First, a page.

It has been ten long-ass years since Edward Cullen and Bella Swan sauntered on into our lives and sent a horde of thirsty teens off their rockers with infatuation.
Ten years since Team Edward and Team Jacob became a thing.
Ten years since we first encountered sparkly Robert Pattinson.
And ten years, reportedly, since Stephenie Meyer shut down attempts by director Catherine Hardwicke to diversify the cast for the film franchise.
If you’ve been on the interwebs recently, you may have come across a viral interview Hardwicke did with The Daily Beast in which she alleged that despite her best attempts, the Twilight author was rigid in her vision of the Cullens being an all-white family.
“And I was like oh my God, I want the vampires, I want them all—Alice, I wanted her to be Japanese! I had all these ideas,” she told the publication.
“And she [Meyer] just could not accept the Cullens to be more diverse, because she had really seen them in her mind, she knew who each character was representing in a way, a personal friend or a relative or something.
“She said, ‘I wrote that they had this pale glistening skin!’”
Hardwicke went on to state that the only successes she had with casting people of colour were with villain Laurent and other minor roles…which is hardly a major win.
“The only reason that came through was he [Laurent] was described as having olive skin. And I said, ‘There are black olives out there!’ Then she was open to the students in [Bella’s] peer group being other ethnicities, so we got Christian Serratos and Justin Chon, so we were able to open it up a little bit.”
The claims, understandably, got fans talking about the failings of the Twilight saga: lack of representation, Hardwicke being replaced by male directors even after the success of the first film, Bella’s problematic passiveness, the god-awful wigs… and the list goes on.
Okay, I may have added the wigs in there myself.
Unsurprisingly, the online chatter seemed to influence Comic-Con New York’s Twilight 10th Anniversary Panel, with the conversation turning to diversity and women in Hollywood more than once.
The panel reunited Hardwicke with cast members Kellan Lutz (Emmett Cullen), Jackson Rathbone (Jasper Cullen) and Edi Gathegi (Laurent) who each reflected on their experience with the films, hinting that for all its shortcomings (and there are a few), Twilight did inspire change.
“For me, it’s incredible to be a part of something that is shaping the culture. It was a pop culture phenomenon,” Gathegi told the audience of screaming millennials who had seemingly reverted to their 13-year-old selves.
“Catherine said earlier how this was in many ways, one piece of the puzzle that opened up the door for other projects that would follow. So, I like to think that that’s true. That this sort of began, or in many ways continued to further the conversation that we’re having today about diversity and inclusion and female-led projects.”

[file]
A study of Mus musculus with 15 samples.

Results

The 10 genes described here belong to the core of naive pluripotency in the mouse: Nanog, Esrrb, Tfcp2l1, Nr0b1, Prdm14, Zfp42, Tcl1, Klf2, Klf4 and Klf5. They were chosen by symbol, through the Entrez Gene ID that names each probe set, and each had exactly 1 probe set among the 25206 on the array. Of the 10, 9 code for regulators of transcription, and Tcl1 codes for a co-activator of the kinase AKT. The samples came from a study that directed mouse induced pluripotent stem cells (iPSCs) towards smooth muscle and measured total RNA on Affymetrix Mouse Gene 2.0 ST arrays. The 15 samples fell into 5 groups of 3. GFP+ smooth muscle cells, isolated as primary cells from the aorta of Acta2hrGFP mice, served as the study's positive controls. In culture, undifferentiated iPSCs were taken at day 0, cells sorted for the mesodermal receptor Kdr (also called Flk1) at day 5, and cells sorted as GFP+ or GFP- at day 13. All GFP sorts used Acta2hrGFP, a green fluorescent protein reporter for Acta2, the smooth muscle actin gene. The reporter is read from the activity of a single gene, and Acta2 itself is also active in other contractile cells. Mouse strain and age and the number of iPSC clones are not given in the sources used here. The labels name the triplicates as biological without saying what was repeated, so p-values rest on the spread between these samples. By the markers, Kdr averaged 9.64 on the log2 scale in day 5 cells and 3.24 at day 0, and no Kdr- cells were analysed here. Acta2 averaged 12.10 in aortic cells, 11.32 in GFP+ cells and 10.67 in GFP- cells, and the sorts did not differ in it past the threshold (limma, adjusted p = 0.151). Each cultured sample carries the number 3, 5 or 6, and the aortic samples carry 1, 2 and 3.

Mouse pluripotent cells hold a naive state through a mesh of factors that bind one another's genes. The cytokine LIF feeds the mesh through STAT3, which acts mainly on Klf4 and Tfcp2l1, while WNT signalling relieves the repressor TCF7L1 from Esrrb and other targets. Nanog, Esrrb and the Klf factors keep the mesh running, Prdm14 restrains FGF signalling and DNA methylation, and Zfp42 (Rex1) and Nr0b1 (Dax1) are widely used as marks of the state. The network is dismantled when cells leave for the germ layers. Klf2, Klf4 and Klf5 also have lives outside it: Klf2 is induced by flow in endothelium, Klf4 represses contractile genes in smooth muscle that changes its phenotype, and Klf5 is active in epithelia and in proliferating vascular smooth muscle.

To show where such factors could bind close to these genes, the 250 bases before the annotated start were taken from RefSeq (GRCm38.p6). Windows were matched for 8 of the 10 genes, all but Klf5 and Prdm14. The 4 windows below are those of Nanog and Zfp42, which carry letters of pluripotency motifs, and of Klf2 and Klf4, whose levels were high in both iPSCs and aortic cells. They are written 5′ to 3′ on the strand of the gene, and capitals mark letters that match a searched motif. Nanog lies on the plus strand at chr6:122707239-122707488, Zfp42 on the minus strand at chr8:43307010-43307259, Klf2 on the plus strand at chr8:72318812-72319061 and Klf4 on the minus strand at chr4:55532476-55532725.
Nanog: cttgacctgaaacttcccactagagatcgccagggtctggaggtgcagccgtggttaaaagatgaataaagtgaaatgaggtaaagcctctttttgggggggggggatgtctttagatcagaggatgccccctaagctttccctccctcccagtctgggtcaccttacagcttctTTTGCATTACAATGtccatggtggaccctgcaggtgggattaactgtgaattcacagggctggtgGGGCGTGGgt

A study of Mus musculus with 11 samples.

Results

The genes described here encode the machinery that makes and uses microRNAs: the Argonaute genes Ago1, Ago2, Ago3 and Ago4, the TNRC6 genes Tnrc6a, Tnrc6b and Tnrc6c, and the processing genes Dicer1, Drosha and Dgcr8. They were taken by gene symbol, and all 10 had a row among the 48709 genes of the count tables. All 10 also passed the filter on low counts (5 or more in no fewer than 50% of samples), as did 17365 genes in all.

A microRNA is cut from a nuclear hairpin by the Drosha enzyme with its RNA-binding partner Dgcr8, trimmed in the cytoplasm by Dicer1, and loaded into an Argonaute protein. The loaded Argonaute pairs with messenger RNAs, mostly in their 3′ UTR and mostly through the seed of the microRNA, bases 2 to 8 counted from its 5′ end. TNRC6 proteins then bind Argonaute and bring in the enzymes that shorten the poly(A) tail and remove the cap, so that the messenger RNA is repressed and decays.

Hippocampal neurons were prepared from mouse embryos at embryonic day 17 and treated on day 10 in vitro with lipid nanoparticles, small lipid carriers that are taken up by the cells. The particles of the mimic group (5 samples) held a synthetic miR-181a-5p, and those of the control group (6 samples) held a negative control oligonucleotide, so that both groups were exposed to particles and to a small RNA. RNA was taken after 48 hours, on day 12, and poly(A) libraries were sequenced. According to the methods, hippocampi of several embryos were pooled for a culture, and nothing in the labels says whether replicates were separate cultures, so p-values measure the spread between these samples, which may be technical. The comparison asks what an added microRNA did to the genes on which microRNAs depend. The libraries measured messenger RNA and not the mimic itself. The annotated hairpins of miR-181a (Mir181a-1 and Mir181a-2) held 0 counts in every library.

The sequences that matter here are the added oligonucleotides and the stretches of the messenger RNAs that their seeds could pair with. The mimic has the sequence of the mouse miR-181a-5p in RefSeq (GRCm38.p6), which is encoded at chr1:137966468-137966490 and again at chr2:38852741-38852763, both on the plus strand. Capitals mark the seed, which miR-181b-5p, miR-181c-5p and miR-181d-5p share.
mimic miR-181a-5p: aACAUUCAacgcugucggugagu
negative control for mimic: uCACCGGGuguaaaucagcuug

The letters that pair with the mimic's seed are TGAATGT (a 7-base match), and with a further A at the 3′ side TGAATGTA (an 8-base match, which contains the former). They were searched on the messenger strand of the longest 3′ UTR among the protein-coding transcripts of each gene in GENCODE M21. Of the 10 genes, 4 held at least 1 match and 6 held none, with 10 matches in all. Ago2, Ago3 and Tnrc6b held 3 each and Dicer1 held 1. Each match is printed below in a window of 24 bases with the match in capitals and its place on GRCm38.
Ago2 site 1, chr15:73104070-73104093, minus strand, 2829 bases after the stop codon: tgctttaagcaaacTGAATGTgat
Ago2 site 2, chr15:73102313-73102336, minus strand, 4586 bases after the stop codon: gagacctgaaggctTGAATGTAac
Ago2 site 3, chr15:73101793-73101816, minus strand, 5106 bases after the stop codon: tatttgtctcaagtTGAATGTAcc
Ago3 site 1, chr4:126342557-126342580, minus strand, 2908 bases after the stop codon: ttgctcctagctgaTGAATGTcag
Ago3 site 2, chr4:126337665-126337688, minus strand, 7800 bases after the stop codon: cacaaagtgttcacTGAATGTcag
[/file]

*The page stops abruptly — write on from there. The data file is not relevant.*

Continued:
“And I would say on that note, the movie I just directed stars a Latina female, Gina Rodriguez, in a studio movie which is not very common,” added Hardwicke. “It’s called Miss Bala – go see it in January – but Gina is a badass and I don’t think we would have had that movie, a Latina lead, if we didn’t have this one.”
I chatted to a couple of young fans at the Twilight panel, Daya and Claudia, to gauge their views on the backlash.
“When Twilight was first coming out, we were about eleven to fourteen,” Claudia said.
“And so, maybe we were slightly below the age where we would care about that kind of stuff. But nowadays, there’s a whole group of fans coming in who won’t tolerate non-diverse cast because we want things that represent the world around us.
“I mean, that was the same problem with J.K Rowling, we were talking about it the other day,” Daya added.
“Looking back on Harry Potter, the fans now are like, ‘Why was there not more LGBTQ representation? Why was there not a more diverse cast?’
“As Claudia said, when we were younger we just took everything as it came, really. It wasn’t something that was at the top of our heads… Everyone just let things slide. Whereas now, now we’re just so much more socially aware.”
Their main takeaway was that yes, there were problems with Twilight (much like many other popular productions from a few years back) and yeah, they’ve had to rethink their opinions of Meyer, but the film is “ten years old – it’s old news”.
What remains true, both in the comments on the Twilight panel and the words of these fans, is that it’s important to use past failings to push for better, more inclusive projects going forward.
And discussions like the ones Hardwicke’s comments sparked are a real big part of that.